The tax law allows investors to choose between two methods of claiming depreciation on the fixtures and fittings in an investment property whether residential, commercial or industrial.

These two methods are the diminishing value and the prime cost methods.

Every property investor is likely to have a different investment strategy which also may differ from property to property, so it is important to understand how the choice between the two different methods of claiming depreciation will impact your cash flow.

It is important to realise from the beginning, that the diminishing value and the prime cost methods both claim the total depreciation value available over the life of a property.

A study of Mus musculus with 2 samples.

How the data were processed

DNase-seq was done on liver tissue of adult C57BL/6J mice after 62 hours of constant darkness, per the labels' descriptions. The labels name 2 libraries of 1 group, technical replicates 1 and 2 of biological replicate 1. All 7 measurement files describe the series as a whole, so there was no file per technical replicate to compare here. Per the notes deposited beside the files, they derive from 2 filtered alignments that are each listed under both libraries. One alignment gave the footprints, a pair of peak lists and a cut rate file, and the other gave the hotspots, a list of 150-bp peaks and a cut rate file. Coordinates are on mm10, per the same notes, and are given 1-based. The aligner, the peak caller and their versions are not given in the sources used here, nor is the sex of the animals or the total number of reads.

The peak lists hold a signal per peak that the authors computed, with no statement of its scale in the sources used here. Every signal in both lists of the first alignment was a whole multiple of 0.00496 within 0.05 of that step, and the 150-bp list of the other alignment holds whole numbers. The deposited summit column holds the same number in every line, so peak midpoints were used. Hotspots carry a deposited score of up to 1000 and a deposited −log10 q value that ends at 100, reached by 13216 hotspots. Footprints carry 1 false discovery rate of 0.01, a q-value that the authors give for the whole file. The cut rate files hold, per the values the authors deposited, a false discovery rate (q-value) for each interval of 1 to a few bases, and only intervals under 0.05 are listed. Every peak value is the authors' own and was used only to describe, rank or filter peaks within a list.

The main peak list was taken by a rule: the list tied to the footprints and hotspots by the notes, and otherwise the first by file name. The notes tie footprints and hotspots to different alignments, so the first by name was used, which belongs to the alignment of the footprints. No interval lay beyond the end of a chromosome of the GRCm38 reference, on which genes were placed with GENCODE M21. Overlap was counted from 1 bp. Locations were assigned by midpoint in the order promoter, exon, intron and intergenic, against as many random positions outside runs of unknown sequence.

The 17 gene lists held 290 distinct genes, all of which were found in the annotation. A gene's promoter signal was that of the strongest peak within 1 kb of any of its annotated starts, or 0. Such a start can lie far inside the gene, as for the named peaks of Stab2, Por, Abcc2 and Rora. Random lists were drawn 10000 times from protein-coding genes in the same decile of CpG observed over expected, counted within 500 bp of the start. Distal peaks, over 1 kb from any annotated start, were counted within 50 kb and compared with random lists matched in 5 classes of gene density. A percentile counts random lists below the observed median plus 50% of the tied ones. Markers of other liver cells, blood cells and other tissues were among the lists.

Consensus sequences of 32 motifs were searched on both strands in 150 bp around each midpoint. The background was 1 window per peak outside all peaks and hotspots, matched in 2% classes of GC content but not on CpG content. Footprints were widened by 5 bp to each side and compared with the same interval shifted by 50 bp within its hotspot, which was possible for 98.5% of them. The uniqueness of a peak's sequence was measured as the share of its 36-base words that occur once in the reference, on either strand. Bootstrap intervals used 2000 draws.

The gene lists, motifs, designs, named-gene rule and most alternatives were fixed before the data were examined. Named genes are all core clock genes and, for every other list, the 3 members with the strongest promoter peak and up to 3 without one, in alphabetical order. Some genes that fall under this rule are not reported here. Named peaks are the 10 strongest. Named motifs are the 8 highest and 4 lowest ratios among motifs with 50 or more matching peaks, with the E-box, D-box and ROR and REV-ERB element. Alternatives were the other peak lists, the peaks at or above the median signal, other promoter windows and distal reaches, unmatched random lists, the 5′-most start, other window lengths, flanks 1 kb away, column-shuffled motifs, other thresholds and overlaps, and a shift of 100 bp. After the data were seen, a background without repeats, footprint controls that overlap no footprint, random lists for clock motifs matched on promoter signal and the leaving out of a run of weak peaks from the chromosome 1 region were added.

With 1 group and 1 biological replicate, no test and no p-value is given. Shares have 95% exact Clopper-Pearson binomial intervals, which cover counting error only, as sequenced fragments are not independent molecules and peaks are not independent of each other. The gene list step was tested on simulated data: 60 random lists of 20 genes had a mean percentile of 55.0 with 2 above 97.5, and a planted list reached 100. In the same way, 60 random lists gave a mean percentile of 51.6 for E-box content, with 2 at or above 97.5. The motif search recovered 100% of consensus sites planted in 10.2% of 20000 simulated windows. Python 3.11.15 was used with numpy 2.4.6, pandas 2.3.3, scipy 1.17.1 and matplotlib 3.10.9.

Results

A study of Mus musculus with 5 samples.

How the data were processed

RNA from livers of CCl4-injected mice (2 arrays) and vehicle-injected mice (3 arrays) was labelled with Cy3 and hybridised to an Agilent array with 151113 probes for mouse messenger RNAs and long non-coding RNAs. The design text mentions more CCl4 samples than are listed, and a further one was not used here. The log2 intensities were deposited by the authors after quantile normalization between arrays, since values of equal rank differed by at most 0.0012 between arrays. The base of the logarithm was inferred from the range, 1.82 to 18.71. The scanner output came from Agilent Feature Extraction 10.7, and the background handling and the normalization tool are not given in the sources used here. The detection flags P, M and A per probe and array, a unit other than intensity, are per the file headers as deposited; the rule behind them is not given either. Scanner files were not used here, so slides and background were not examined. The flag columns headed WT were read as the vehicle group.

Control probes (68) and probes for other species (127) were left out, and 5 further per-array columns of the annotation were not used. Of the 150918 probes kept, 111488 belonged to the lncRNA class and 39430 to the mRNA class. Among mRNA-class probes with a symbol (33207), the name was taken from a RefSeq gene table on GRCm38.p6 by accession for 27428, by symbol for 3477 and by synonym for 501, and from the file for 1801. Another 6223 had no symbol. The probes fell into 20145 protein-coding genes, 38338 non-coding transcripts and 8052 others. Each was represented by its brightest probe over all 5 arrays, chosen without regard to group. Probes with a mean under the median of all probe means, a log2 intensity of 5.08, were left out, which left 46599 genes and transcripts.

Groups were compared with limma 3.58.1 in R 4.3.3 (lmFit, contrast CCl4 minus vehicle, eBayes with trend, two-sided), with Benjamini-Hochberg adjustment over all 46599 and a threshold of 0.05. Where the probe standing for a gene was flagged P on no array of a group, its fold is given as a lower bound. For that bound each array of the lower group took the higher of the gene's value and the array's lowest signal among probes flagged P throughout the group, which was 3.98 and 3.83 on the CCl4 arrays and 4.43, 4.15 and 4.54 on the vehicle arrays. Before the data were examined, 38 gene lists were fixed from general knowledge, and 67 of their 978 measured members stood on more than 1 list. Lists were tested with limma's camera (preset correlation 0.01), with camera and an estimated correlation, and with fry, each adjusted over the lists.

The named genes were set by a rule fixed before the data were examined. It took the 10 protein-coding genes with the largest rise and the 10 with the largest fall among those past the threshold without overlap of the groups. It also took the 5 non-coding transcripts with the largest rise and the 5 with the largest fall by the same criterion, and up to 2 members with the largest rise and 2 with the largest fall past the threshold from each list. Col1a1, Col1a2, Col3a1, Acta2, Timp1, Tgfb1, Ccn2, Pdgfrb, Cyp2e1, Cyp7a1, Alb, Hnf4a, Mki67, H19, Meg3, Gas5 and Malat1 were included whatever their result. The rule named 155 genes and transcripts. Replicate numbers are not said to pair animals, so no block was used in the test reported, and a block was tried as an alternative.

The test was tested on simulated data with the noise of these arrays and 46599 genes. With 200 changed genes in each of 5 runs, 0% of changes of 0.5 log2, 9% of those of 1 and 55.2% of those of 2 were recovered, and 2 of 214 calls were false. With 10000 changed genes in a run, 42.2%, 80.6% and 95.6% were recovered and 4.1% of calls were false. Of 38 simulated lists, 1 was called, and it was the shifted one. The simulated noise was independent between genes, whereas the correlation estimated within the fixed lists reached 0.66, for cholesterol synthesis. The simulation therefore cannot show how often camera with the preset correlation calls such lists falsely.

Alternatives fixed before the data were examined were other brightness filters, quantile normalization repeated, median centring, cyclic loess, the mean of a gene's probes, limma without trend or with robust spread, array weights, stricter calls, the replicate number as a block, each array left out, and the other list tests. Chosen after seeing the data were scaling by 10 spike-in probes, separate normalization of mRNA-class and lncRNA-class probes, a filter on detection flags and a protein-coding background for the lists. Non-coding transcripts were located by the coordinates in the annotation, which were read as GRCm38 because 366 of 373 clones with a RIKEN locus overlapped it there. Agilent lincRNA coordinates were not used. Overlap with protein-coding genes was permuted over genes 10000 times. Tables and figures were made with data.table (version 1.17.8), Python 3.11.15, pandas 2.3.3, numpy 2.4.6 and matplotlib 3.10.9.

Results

However, the two methods use different formulas to calculate depreciation deductions achieving different short term and long term cash flow positions.

Under the diminishing value method, the rate is increased therefore increasing deductions sooner.  The method calculates the depreciation based upon the reduced written down value remaining, so the tax deduction diminishes over time.

The prime cost method uses a lower percentage rate but is more consistent over time spreading deductions out more evenly.

Traditionally, an investor who is looking at holding a property for a shorter period of time would nominate a diminishing value as their preferred method.

Alternatively those who are looking to have a more consistent claim would nominate the prime cost method.

It is important to note that a property investor can only use one method to claim depreciation deductions.  Therefore once a decision is made for a property it cannot be changed.

If you would like to discuss how the two different depreciation method would impact upon your personal tax situation, please contact Ellingsen Partners.